In the postscript, Petrie explains that he wanted to write an essay “that would expose… the dangers and hypocrisy” of the collegiate athletic system. The diction of that sentence alone uncovers Petrie’s purpose. The word “expose” implies that under the sugar coating of temporary fame and fortune, there is an ugly reality for college athletes. Since this is a persuasive essay, the purpose was gradually revealed. As Petrie stated in the postscript, he starts by establishing credibility with his experiences as a student and educator and presenting both sides of his argument to gain the respect of his audience.
Bethany Brookshire, the author of the article “New gene resists our last-ditch drug” found in the Society for Science & the Public, invoked fear and urgency in teen readers fascinated with biology and health. Throughout her article, Brookshire establishes that doctors, farmers, and everyday citizens should be cautious in the use of antibiotics and use methods to limit the spread of harmful bacteria worldwide. She gains her readers’ attention and trust by quoting information from several scientists in different fields and from different parts of the world. Although her syntax was rigid and overly simplified, Brookshire connect to the teen readers ****** Brookshire is professional and *** in her popular article. She maintains an unbiased standpoint
Intro First Next Finally Conclusion Christopher Reeve uses diction and details to appeal to the emotions of the audience. He does many times throughout his speech. For example, he said?it?s purpose is to give the disabled access not only to buildings, but to every opportunity in society.? Another example is ?
The truth of science: Empiricists versus Popper versus Kuhn Abstract This paper is going to discuss the truth of science throughout the past centuries. So the Empiricists, who believed in truth by observation. And how Karl Popper (1902-1994) and Thomas Kuhn (1922-1996) tried to get closer to a better scientific model by fal- sification and paradigm shifts respectively.
“Influenza Pandemics must be taken seriously, precisely because of their capacity to spread rapidly to every country in the world” (Chan). This quote that was just stated is very relevant to what happened in 1918 during the Great Influenza or what is also called the Spanish Influenza. Many people call it the “Mother of All Pandemics” because of its impact. John Barry’s “The Great Influenza: The Story of the Deadliest Pandemic in History” shows us how the influenza took part in people’s everyday lives. One can tell that this book has a good solid background, strengths and weaknesses, and great use of imagery.
In an excerpt from The Great Influenza by John M. Barry, many rhetorical devices are used to fully represent the process of a scientist. Some of the most commonly used devices are metaphors, anaphoras, and imagery, these three devices help the reader understand the main ideas of the story. The metaphors allow the reader to perceive the process of a scientist in more simplistic ideas such as science being an undiscovered wilderness. The anaphora used in the beginning of the passage emphasises that the world of science is full of uncertainty and is constantly changing, this drives the idea into the mind of the reader. The imagery is used alongside the metaphors to assist the reader in grasping the foreign ideas.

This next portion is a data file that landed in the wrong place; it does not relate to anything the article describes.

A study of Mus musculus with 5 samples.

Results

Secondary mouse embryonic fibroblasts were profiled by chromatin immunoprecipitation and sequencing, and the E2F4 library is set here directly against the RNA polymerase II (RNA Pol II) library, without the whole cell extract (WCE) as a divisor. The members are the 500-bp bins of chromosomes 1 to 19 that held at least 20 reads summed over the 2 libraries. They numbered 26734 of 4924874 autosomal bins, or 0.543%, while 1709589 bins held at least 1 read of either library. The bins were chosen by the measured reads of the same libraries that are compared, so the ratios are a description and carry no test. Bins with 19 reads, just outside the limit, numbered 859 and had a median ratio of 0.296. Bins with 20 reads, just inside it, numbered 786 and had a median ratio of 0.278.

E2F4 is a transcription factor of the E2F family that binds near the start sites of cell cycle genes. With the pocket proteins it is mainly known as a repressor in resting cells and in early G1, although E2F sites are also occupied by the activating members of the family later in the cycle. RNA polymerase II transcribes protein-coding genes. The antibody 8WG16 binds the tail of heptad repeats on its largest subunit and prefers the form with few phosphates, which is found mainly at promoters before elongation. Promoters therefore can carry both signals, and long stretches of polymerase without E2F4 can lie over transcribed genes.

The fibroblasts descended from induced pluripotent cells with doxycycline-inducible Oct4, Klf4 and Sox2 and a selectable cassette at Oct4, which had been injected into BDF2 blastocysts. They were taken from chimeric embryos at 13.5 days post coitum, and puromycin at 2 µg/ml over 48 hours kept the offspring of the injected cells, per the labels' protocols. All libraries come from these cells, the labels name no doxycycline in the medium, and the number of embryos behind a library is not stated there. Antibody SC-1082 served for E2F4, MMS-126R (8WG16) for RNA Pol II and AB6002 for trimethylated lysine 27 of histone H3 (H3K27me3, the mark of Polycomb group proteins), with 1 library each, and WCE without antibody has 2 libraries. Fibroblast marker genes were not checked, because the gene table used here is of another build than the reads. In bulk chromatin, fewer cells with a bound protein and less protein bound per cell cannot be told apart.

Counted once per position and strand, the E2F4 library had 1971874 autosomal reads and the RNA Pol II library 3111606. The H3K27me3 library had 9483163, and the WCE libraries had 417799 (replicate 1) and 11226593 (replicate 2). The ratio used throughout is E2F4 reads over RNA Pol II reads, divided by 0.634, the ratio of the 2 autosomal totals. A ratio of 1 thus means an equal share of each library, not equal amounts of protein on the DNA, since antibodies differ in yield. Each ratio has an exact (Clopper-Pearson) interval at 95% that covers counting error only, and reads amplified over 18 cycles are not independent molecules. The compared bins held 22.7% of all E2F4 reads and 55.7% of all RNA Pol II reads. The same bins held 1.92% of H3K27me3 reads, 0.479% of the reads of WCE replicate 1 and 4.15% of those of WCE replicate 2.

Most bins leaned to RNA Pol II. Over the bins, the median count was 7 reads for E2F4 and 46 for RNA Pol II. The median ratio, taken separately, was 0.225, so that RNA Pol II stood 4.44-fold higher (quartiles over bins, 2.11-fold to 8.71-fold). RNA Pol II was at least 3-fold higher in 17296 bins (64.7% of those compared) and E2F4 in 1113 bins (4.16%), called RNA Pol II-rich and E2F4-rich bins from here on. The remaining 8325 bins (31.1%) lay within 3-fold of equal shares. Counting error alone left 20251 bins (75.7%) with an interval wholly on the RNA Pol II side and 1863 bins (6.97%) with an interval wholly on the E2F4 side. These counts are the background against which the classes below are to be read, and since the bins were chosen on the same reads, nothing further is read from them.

George Washington owned several books and articles that discussed the abolishment of slavery which were all located in his personal library. Many pieces in the collection had been given to him as gifts, meaning there were personal relationships between Washington and the authors, many of which being from across the Atlantic world. These texts are one of the only few clues available to historians when researching Washington’s view on abolition and the dialogue between authors. Collecting pieces of evidence in Washington’s texts is how François Furstenberg, history professor and author of Atlantic Slavery, Atlantic Freedom: George Washington, Slavery, and Transatlantic Abolitionist Network, presented this research article.
The well known quote “That which does not kill us, makes us stronger” was first accredited to a german philosopher and scholar named Friedrich Nietzsche in the 1800s. Since then, the phrase has been modified and used by countless figures such as scientists, researchers, and the world famous, country singer Kelly Clarkson. Amongst these people is a psychologist Dr. Mark Seery. In his 2010 study Whatever Doesn't Kill Us: Cumulative Lifetime Adversity, Vulnerability and Resilience (which appeared in the Journal of Personality and Social Psychology), he determined this is indeed the case. In the study Dr. Seery claimed, “adverse experiences... foster subsequent resilience, with resulting advantages for mental health and well-being.”
Influenza was a deadly virus that killed millions of people around the world back in 1918. The virus of influenza has eight genes with no fix structure, and the segment structure can change the virus fragmentation endlessly. The virus is independent and can replicate rapidly once it gets into your lungs which can the air pathway and the infected person would drown in their own body. People with the virus can spread it by coughing, sneezing, and sometimes people might touch a surface which has the virus on it and touch their mouth or nose without properly washing it. The virus has eight genes.
Each person has the power to influence the world. David Brodwin (2015) in the article “Unsustainable America” describes the situation of American consumers toward sustainability compared with other consumers from other countries that are interested about this issue. Thus, Brodwin explains the reactions of the people in some countries about the sustainably produced. In fact the article has interesting points with cataleptic and objective tones, but the author has biased through the benefit for America.